We Still Need 140,000 Women in Office for Political Gender Equality
Despite Hillary Clinton's historic presidential nomination, politics remains extremely male-dominated. Could her candidacy help change that?
Image via Wikimedia Commons
Yesterday, some major newspapers caught flack for running a photo of former President Bill Clinton on their front page instead of one featuring the first woman to be nominated for US president by a major political party. "Simple proof of enduring sexism," one woman tweeted with a photo of The Wall Street Journal's Wednesday morning edition.
Editors offered several explanations for the decision, including the impact of Bill Clinton's speech Tuesday night and the late hour Hillary Clinton appeared to conventioneers via video. But, as some have noted, those media outlets took away from Hillary Clinton's moment to shine.
Now that she's put the "biggest crack" in the glass ceiling, the question remains: Will Clinton's accomplishment open the door to usher in more women to run for office? Currently, women make up only 19.4 percent of the seats in Congress.
Anne Moses is the president and founder of Ignite, an organization focused on helping young women to become political leaders. She tells Broadly that she's not sure if Clinton's nomination is going to encourage more women to enter into public service. "I think what happens for young women is that they see her—she was the First Lady, she was the Secretary of State, she was a two-term Senator—and they see all these credentials and they wonder, 'How do I do that?' It almost looks untenable," she says. "I also think depending on what your race and ethnicity is—look at Hillary Clinton—it's even more untenable."
There are roughly 500,000 political offices the US needs to fill each year, most of which are at the local level, Moses says. "Somewhere between 20 to 22 percent are held by women. That means to get parity, we need 140,000 more women in office. It's a pretty big problem."
According to some research, one reason women don't run for office as often as men is that they believe they just aren't qualified enough to hold public office. Women also aren't as likely to be recruited by political gatekeepers or other members of the community.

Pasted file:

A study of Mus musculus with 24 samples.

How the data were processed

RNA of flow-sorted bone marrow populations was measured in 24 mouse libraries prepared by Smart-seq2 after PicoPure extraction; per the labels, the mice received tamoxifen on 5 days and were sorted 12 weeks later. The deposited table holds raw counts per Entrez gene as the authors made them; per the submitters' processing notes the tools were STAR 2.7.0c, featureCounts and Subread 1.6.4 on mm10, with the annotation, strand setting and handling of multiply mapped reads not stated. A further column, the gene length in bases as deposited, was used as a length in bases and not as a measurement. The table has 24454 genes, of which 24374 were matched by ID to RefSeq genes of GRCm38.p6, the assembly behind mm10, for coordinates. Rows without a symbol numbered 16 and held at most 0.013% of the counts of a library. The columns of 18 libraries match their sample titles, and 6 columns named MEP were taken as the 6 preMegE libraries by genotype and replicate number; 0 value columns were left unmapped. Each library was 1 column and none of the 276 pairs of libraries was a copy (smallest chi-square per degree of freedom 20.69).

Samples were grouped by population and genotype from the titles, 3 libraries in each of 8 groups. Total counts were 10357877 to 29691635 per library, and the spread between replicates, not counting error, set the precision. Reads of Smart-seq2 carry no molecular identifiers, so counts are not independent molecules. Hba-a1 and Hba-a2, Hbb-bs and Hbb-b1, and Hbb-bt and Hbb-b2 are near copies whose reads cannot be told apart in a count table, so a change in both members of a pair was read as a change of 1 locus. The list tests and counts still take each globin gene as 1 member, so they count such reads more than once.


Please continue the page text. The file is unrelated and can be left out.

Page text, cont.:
Amy Chiou, who served as the convention complex staff director for this year's Democratic National Convention and has also worked on a dozen other political campaigns, says she'd like to see more women at every level of service and leadership. "The political system, much like the corporate board room, is stronger when different experiences are included in important discussions," she tells Broadly. "Whether it's paid family leave, equal pay, access to health care, or access to quality education, these policies affect young people and women differently."
Women help change the status quo by offering their perspective, Chiou says. "They bring their life experiences as mothers, daughters, and partners to public service. They bring the injustices and hardships they experience as women to the conversation."
If more women get involved in politics, more legislation can be passed that directly impacts all women. In 2014, Senators Claire McCaskill of Missouri and Kirsten Gillibrand of New York partnered to write new recommendations addressing and preventing campus sexual violence.
"It's not that men don't support [policy changes like this]," Moses says. "It just wasn't their experience. How would they know to write legislation like that. They weren't the ones getting raped. The minute [McCaskill and Gilliband] wrote it, they had older Republican men signing off on it."
The problem of women being underrepresented in political leadership roles isn't going to get better organically, Moses says. "We'll see if Hillary Clinton changes that."